Pfizer is still waiting for the green light to complete an acquisition of digital health company ResApp, a deal that looks even better now that its smartphone app for people with obstructive sleep apnoea (OSA) has been approved by the FDA.
Brisbane, Australia-based ResApp has claimed a 510(k) clearance for SleepCheckRx as a prescription-only digital therapy in the software-as-a-medical device (SaMD) category, clearing the path for a commercial launch in the US. It is already approved in Australia and Europe.
Pfizer’s Australian unit made an offer to buy ResApp in April that valued the company at around A$100 million ($75 million), seeking ownership of a portfolio of apps that use artificial intelligence algorithms to both diagnose and measure the severity of respiratory diseases, and has since raised its bid to around A$127 million.
OSA is particularly prevalent in people with underlying cardiovascular disease and affects around 20 million adults in the US alone, many of whom are undiagnosed. It is caused when relaxation of the muscles in the throat cause the airway to narrow, reducing the amount of air taken in and out with each breath.
Sometimes the airway can be shut off completely, and in severe cases, OSA episodes can occur hundreds of times a night, each causing a brief period of wakefulness or shallower sleep. It can lead to other health problems, including high blood pressure, heart attack, stroke and diabetes.
SleepCheckRx is an at-home test that screens adults for OSA by analysing analyses breathing and snore sounds during sleep.
For years, diagnosis of OSA has relied on complex polysomnography equipment to monitor heart, lung and brain activity, breathing patterns, limb movements, and blood oxygen levels while the patient sleeps, so is generally carried out in a clinic.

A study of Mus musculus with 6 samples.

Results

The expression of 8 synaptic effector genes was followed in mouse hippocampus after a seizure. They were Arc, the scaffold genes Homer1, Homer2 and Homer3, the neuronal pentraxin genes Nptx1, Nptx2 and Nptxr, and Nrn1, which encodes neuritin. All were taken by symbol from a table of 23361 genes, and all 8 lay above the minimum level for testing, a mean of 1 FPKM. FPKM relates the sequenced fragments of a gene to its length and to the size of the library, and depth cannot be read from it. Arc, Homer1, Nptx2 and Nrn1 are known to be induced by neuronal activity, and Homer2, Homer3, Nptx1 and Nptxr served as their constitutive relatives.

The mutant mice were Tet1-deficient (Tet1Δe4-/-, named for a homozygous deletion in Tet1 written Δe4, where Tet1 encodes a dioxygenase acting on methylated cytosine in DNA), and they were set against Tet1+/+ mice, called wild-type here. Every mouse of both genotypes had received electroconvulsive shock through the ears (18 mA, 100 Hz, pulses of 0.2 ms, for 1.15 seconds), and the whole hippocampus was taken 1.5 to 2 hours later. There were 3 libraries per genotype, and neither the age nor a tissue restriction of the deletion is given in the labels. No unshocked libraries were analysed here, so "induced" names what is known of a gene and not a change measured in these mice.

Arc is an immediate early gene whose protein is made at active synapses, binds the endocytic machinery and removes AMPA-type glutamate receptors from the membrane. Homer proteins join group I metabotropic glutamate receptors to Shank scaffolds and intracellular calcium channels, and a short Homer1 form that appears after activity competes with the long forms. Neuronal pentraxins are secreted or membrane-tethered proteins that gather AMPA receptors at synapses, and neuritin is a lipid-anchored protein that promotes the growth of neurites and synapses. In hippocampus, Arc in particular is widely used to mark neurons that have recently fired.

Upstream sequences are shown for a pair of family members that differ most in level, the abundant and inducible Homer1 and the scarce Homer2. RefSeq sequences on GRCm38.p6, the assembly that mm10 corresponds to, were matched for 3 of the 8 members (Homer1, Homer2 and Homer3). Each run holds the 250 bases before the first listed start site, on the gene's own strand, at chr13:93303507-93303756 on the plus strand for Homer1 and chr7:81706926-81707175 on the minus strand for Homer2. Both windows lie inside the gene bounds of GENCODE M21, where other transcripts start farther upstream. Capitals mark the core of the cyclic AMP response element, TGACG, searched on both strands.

Having a test that can be carried out at home using a standard smartphone gives physicians “the opportunity to screen their patients conveniently and quickly for sleep apnoea, helping their patients take the first step to getting treatment,” commented ResApp’s chief executive Tony Keating.
Once prescribed, patients receive a code to download the app, activate it before they go to sleep and wake up with the results, which are automatically uploaded to a healthcare provider portal.
In trials involving around 200 subjects, SleepCheckRx algorithms correctly identified around 89% of patients with moderate to severe OSA – i.e. those with an apnoea-hypopnea index (AHI) greater than or equal to 15/hour – with a specificity of almost 78%. That is in the same ballpark as polysomnography testing.
At the moment the prescription version is only approved for iPhone, but an Android version has been developed and will be submitted for approval separately.
Pfizer’s interest in ResApp came a few months after Zoll Medical spent $538 million to acquire Israel’s Itamar, which has a smartphone-linked sensing device for OSA which attaches to a finger and also measures heart and breathing rate and oxygen levels in the blood.
ResApp has a lot more in its portfolio than SleepCheckRx however, and Pfizer’s interest was piqued mainly by its ResAppDx platform, which can be used to detect a wide range of respiratory conditions such as pneumonia, asthma, bronchiolitis and chronic obstructive pulmonary disease (COPD) by monitoring cough and breathing sounds.
The technology was thrust into the spotlight during the pandemic when it was used to develop a smartphone-based screening test for COVID-19.
ResApp also reported this week that Switzerland-headquartered telehealth provider Medgate has agreed to a 12-month extension to its initial one-year commercial licence agreement for ResAppDx in Europe and the Philippines.